Luxembourg adopted the law on employee involvement in European Companies and the European Company Statute on 25 August 2006.

Two laws dated 25 August 2006 transposed the European Company into thelaw of Luxembourg while at the same time supplementing the EuropeanCompany Statute (SE) in relation to worker involvement.It should be noted that, as well as transposing Directive 2001/86/EC of 8October 2001, these laws also constitute a follow-up to the law of 28 July 2000 on the establishment of a European Works Council or a procedurein Community-scale undertakings and Community-scale groups ofundertakings for the purposes of informing and consulting employees.

Two laws dated 25 August 2006 transposed the European Company into the law of Luxembourg while at the same time supplementing the European Company Statute (SE) in relation to worker involvement. It should be noted that, as well as transposing Directive 2001/86/EC of 8 October 2001, these laws also constitute a follow-up to the law of 28 July 2000 on the establishment of a European Works Council or a procedure in Community- scale undertakings and Community- scale groups of undertakings for the purposes of informing and consulting employees.

The new laws also reflect the legislator’s wish to modernise labour law and, in particular, its “social dialogue” aspect , one of the best illustrations of which is the law of 30 June 2004 on collective labour relations. The first of the new laws mentioned introduces the management system known as “two-tier management” composed of a praesidium and a supervisory board, an arrangement hitherto unknown in Luxembourg law.

Public limited companies, including the European Company, will therefore in future be able to choose either to have a management board or a praesidium and a supervisory board. The Chamber of Deputies was nonetheless careful to ensure that a firm that adopts the two-tier system under the national Luxembourg law before turning into an SE cannot avoid complying with the rules on employee representation: in this event, employee representatives are to be allowed on the supervisory board according to the same arrangements as those applicable to the management board. The Chamber of Deputies also completed the initial government plan by settling the question of the representation of public officials and employees in an SE whose capital is owned by public law bodies.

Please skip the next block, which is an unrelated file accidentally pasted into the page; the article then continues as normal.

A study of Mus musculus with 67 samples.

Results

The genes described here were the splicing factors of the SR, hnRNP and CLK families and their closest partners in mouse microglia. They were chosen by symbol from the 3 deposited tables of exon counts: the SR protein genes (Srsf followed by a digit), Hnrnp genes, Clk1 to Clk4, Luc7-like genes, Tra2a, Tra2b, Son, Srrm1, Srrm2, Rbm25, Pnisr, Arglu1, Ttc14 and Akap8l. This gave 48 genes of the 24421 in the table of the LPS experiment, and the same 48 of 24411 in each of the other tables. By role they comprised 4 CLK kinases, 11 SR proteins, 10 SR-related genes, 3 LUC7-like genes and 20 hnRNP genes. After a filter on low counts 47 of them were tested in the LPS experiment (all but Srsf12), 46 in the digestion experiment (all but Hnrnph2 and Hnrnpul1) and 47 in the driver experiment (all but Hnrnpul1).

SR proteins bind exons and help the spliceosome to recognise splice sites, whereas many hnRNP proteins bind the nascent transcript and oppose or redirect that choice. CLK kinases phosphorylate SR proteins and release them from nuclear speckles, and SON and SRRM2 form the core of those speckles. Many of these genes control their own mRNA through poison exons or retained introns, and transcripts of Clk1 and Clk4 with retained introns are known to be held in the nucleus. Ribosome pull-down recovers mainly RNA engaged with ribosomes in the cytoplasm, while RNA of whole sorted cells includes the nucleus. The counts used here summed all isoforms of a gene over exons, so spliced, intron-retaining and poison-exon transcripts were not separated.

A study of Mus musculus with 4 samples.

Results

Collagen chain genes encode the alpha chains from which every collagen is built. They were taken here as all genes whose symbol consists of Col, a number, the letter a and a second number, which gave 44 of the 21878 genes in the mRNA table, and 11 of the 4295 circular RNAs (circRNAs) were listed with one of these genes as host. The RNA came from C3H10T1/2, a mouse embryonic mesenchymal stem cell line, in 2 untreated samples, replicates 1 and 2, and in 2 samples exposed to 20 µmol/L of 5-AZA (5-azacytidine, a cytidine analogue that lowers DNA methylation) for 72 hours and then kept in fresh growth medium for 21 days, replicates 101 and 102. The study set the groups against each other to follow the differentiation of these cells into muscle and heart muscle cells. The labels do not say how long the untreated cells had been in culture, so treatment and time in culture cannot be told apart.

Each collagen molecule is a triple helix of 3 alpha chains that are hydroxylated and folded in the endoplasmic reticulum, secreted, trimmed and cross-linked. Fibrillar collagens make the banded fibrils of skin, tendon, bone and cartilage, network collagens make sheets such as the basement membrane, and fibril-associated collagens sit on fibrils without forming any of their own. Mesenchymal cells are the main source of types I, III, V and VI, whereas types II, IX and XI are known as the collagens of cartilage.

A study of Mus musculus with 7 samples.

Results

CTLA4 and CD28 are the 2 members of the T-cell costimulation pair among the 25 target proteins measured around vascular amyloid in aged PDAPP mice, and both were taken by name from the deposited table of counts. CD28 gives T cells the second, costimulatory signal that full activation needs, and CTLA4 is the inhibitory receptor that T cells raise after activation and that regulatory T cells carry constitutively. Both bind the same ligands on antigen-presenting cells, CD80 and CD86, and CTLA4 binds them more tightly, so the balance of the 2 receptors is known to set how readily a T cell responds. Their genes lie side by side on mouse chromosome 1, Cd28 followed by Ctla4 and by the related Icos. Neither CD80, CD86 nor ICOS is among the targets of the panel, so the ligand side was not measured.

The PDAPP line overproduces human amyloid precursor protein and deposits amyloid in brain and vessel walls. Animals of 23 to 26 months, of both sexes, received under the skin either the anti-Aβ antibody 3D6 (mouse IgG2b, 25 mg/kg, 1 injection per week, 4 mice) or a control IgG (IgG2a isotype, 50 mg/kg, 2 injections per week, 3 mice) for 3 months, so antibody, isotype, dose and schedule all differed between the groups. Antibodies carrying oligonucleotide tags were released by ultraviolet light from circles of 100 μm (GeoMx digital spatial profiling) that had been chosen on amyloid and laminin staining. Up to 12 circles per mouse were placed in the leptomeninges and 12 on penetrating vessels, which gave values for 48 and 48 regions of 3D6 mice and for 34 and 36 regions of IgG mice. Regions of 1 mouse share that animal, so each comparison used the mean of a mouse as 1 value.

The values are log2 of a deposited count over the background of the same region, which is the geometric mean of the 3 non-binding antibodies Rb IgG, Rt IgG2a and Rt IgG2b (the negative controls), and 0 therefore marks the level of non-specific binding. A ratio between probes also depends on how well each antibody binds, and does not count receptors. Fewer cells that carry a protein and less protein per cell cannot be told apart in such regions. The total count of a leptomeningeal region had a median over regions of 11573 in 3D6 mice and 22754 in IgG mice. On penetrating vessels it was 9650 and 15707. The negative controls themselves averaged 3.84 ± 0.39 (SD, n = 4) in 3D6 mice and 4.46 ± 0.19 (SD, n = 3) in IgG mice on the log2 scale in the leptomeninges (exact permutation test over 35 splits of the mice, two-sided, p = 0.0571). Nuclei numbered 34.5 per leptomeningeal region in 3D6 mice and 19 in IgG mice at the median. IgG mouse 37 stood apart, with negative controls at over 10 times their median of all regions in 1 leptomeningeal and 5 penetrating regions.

As the Directive does not impose a single model of involvement but is intended to respect the “before-after” principle (found in the 18th recital of the Directive), designed to guarantee workers’ acquired rights in relation to involvement in the decisions taken by companies, such that “the rights of workers pre-existing the constitution of the SE should form the basis of the provisions governing their rights in relation to involvement in the SE”, an SE will not be obliged to set up an involvement or representation arrangement if no such arrangement previously existed in the companies involved.

The second law is divided into four titles, reflecting the general approach of the text of the Directive Apart from the First Title, which contains the general provisions, and Title IV, containing miscellaneous provisions, the law contains Title II on negotiating an agreement between the social partners and Title III setting out reference provisions which are applicable only if the partners are not required to conclude an agreement (or if they agree to implement these provisions for the purposes of an agreement). It is therefore up to the different parties – workers’ representatives meeting in the special negotiating group on the one hand, representatives of the participating companies on the other – to reach an agreement on the details of worker involvement in the SE (such being the purpose of Title II of the law). The provisions contained in Title III – whether relative to information and consultation of workers or to their participation in the SE’s management or supervisory bodies – constitute a corpus of subsidiary rules that are applicable only if the parties fail to reach an agreement (or should they specifically agree to adopt them as they stand as the content of an agreement).